Some research suggest that keeping the brain active can keep alzheimers at bay, or at least, pospone damage. For those of us who want to try, can we form a cache of resources, internet links to such activities, suggestions etc.
Resources and links around activities and suggestions, righty ho.
Does stimulation work? A group (Baker R, Holloway J, Holtkamp CC, Larsson A, Hartman LC, Pearce R, Scherman B, Johansson S, Thomas PW, Wareing LA, Owens M.) based at the Research and Development Support Unit, Poole Hospital NHS Trust and Dorset HealthCare NHS Trust, Poole, UK, stated in published research, ". . . groups remained stable during the trial but deteriorated once the sessions had stopped . . ."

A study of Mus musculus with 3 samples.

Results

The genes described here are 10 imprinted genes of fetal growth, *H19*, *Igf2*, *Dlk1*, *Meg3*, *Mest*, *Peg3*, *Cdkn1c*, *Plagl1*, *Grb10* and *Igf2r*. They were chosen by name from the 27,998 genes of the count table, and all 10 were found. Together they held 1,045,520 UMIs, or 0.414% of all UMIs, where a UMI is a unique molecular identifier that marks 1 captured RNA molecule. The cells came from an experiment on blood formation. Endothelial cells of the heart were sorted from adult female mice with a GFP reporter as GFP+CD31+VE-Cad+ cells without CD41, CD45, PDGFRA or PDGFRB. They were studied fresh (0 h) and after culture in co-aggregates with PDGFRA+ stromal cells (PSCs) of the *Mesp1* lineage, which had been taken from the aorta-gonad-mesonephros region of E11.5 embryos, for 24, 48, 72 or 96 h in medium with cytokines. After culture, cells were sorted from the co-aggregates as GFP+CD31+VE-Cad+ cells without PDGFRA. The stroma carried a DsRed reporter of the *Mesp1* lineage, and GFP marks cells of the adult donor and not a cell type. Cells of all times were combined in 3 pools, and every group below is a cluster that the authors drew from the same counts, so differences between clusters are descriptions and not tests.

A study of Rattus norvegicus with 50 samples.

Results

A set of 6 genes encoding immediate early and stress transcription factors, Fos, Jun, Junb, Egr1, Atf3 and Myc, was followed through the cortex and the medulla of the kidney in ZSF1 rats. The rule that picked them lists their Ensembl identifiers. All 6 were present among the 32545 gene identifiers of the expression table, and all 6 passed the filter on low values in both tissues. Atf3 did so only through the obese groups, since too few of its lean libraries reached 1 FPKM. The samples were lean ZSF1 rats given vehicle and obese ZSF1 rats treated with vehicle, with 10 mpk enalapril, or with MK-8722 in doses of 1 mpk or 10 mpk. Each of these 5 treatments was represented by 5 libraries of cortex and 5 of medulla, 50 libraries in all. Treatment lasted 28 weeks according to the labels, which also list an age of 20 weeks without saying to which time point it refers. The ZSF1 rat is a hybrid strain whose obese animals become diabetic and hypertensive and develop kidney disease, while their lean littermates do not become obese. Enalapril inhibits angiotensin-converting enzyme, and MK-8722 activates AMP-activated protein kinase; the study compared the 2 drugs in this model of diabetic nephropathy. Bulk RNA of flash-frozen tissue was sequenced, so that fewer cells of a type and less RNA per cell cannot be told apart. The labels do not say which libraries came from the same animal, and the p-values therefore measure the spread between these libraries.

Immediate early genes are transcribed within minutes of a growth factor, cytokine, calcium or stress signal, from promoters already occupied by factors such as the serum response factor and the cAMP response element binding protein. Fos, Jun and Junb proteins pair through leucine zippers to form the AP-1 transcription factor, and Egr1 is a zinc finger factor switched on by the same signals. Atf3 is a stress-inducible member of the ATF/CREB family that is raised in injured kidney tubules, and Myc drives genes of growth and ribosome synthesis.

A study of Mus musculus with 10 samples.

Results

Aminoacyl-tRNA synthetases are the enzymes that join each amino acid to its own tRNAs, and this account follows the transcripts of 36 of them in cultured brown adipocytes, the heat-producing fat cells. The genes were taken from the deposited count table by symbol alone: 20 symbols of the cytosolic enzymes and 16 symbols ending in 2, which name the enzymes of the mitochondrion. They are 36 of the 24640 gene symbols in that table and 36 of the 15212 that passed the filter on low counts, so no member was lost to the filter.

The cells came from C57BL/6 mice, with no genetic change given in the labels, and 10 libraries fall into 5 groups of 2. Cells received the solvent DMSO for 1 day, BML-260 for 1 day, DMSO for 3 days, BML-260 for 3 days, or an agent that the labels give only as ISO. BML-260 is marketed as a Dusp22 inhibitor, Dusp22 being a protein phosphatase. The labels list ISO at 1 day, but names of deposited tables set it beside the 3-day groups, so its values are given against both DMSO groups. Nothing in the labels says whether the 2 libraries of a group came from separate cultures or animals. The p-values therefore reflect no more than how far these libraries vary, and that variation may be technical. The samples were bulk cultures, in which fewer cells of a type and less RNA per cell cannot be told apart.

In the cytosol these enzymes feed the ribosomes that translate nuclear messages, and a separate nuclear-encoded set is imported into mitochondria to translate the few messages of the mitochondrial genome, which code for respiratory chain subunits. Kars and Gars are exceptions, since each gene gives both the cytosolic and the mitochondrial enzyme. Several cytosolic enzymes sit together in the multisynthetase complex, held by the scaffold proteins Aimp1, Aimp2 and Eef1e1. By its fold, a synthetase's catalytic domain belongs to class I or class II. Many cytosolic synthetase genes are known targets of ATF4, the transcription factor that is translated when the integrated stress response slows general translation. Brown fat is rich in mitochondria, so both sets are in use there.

The psychtreatment site has useful stuff on cognitive stimulation therapy (CST). Summary was that when any treatment (drug or CST) worked, CST worked better than donepezil (aricept) 5mg and better than rivastigmine (exelon). Bottom line was that in a well done bit of research, stimulation is pretty comparable to drugs.
A London group (Spector A, Thorgrimsen L, Woods B, Royan L, Davies S, Butterworth M, Orrell M) published in 2003 showing, "The results compare favourably with trials of drugs for dementia," and that CST was worthwhile.
So knowing that stimulation helps, and is more than just an "add on" but conversely is of comparable to the drugs in terms of benefits, where can we find out about it?
There are some lengthy and jargon filled papers on various sorts of stimulation, and although it's not the easiest of reads I reckon that this work by Linda Clare is useful in giving ideas on practical was to do it.
If you're up to sleuthing around for details, then these references give a comprehensive range to plow through.
The most user friendly site I've found, on how to practically start cognitive stimulation, is this one.